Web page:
The Catholic Church would rather be allowed to discriminate than help the homeless. The Archdiocese of Washington D.C. now says if the District's marriage equality bill is passed, the Church will cut social service programs that help tens of thousands of residents with adoption, homelessness and health care, reports the Washington Post.
Under the bill, headed for a D.C. Council vote next month, religious organizations would not be required to perform or make space available for same-sex weddings. But they would have to obey city laws prohibiting discrimination against gay men and lesbians. Fearful that they could be forced, among other things, to extend employee benefits to same-sex married couples, church officials said they would have no choice but to abandon their contracts with the city. 'If the city requires this, we can't do it,' Susan Gibbs, spokeswoman for the archdiocese, said Wednesday. 'The city is saying in order to provide social services, you need to be secular. For us, that's really a problem.' "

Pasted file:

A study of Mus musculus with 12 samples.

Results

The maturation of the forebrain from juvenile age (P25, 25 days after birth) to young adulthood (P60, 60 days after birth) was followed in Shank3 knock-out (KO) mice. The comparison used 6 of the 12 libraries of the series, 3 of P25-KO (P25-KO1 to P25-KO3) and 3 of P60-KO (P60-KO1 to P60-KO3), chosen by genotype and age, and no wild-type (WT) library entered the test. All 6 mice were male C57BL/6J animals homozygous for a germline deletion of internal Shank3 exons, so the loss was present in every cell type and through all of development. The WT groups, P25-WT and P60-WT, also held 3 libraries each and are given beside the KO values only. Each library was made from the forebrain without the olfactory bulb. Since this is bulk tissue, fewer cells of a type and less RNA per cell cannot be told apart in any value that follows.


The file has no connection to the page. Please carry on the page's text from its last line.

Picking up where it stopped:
Catholic Charities, serves about 68,000 local residents, including about a third of the city¹s homeless who go to city-owned shelters managed by the church, city officials said. Between 2006 and 2008 Catholic Charities received some $8.2 million in city contracts. The marriage bill's main sponsor, Council member David Catania, says he would rather end the city's relationship with the Church than give in.
It's not the first time a faith-based provider of social services has threatened to stop providing services in response to gay rights or marriage equality. In 2006 in Boston, Archbishop Sean P. O¹Malley said Catholic Charities would stop its adoption-related work rather than comply with the Massachusetts law that allowed gay men and lesbians to adopt children.